Tuesday, October 12, 2010


Oy.  Another week, another strike.  The fight against reform of the French retirement system continues even though the bill itself is working its way steadily through the legislative process.  Public transport is once again predicted to be a mess today, and 30 to 50 percent of flights from CDG and Orly are cancelled.  Moreover, the unions are calling for a renewable strike, one that can be extended each evening for the next day, depending upon their judgment about how effective their tactics are being in changing public opinion and ultimately the action of the government.  Large numbers of the French people (almost 70 percent) say that they are in favor of the actions of the strikers although the numbers are expected to weaken if a strike endures.

Sorry about the quality of the photo; I caught this shot on the back of an electricity panel and apparently the glue made the poster wrinkle.


Lost In Cheeseland said...

Just this weekend I was with my in-laws and my sister-in-law said, in reference to the reform, "your generation will have to work until you're 72!" - The fact is, France retires earlier than most EU countries and I think it speaks to their attachments to tradition and inability to accept change. I'm not saying that for boulangers that began working at 15 that the increase is fair - and they'll likely be able to retire after their 42 years of work - but it's the overall notion that because a law/policy is entrenched in society for x number of years, that it should never change.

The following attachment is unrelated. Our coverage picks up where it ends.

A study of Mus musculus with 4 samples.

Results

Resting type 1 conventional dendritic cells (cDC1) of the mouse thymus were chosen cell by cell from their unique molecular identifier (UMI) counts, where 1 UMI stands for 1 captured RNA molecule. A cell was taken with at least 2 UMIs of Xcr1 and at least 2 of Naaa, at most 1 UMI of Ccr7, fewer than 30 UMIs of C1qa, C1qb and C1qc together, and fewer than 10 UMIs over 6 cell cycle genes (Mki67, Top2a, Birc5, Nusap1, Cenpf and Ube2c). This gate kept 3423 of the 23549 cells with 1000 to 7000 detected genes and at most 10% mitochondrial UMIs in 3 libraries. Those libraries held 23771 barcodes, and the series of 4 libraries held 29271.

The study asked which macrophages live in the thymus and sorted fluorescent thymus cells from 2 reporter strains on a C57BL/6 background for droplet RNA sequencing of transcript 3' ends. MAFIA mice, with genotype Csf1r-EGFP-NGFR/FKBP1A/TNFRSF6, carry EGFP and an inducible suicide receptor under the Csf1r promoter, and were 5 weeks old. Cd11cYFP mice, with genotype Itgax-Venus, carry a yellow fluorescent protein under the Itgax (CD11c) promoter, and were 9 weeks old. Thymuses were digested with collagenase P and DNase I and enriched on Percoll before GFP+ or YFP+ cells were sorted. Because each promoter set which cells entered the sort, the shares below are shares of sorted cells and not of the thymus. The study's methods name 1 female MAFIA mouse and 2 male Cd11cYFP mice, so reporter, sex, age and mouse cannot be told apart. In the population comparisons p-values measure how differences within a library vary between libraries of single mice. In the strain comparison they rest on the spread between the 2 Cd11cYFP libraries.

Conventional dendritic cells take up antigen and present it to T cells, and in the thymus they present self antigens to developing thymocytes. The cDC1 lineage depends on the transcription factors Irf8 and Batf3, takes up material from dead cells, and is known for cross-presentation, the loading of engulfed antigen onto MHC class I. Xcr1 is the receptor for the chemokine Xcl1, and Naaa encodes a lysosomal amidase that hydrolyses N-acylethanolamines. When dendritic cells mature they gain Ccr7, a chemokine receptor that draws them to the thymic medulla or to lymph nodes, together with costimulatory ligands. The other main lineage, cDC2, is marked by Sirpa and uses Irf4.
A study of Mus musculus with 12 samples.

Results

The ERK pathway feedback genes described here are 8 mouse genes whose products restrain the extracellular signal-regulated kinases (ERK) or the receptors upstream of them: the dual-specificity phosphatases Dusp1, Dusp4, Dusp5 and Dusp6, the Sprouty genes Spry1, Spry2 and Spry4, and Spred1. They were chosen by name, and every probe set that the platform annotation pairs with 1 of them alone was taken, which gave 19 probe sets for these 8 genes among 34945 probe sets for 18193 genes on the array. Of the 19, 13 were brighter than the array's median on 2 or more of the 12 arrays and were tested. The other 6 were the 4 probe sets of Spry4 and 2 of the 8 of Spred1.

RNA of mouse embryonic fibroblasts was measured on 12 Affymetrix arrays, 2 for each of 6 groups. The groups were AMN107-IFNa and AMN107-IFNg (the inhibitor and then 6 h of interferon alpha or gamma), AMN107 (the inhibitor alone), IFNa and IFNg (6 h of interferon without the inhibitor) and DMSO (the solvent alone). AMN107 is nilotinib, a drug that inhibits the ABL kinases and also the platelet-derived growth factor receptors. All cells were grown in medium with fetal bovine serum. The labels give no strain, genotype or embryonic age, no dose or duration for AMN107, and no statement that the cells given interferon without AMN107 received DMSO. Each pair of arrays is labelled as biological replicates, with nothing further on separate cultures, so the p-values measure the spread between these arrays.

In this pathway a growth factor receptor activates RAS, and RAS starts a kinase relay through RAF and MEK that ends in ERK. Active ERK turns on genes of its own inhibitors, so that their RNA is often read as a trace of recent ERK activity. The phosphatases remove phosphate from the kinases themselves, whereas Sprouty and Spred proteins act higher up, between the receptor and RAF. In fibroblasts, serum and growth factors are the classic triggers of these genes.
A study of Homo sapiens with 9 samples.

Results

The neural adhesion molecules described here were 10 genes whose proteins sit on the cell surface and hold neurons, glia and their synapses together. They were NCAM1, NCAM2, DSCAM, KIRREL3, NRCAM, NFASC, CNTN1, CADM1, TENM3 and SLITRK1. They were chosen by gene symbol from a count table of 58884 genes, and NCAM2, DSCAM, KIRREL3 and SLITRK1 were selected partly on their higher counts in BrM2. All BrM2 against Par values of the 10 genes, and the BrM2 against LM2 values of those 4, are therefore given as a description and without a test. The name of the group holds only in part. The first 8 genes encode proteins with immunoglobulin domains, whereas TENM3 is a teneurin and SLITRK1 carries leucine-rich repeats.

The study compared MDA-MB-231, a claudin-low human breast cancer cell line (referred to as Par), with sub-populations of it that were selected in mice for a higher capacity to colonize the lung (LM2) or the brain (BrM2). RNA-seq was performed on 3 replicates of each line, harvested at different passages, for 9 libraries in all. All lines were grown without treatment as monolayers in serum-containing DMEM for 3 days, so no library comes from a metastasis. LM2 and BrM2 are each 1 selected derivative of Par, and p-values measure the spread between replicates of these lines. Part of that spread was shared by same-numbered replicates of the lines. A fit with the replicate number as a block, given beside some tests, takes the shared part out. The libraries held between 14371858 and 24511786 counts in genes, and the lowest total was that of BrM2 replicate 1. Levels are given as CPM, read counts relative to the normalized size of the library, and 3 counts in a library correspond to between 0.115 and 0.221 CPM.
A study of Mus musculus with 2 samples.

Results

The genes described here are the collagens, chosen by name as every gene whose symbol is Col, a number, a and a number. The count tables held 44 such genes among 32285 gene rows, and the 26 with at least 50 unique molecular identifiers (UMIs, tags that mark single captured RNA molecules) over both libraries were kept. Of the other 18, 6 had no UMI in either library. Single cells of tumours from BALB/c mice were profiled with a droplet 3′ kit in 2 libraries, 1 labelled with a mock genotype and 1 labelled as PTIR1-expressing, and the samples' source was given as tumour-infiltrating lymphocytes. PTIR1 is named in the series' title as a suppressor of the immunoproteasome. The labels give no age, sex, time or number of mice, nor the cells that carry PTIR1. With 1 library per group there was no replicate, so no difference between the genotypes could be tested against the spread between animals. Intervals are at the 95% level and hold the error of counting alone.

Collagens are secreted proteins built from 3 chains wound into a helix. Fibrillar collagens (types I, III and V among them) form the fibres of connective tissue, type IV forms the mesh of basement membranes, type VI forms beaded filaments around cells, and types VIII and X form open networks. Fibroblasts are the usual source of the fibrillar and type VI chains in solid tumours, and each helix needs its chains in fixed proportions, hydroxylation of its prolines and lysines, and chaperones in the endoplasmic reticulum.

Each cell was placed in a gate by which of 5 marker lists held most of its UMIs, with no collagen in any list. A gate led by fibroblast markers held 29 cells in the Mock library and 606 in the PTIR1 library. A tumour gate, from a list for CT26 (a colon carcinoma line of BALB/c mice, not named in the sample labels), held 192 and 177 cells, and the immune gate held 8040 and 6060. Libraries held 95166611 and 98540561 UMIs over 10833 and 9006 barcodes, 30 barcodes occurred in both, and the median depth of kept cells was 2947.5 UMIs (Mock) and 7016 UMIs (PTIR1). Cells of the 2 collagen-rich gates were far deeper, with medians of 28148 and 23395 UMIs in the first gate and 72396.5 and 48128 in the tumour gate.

Fact it, my generation needs to have a backup plan for retirement because that money aint gonna come from the government, much like in the U.S.

RE the foiled travel as a result of the strikes - the only thing I can say is at LEAST the metro runs efficiently, even with 3 out of 4 trains.

debbie in toronto said...

This isn't just a "france" problem it's all over europe ...someone has to pay for all the benefits people feel they are entitled to...wouldn't we all love to retire at 60!....it's a mess for sure.

Paris Paul said...

Alls I know is that the only retiring I'll be doing anytime soon is for the evening.

Sasho said...

It hasn't been all that long since France lowered the retirement age. It used to be 65 like most of the rest of Europe. How soon they forget. So now, if Sarkozy et al. hold fast, French folk will retire three years before other Europeans. And as Paris Paul implied, for those of us who cannot contemplate retiring even at 65, it's kind of difficult to feel much sympathy.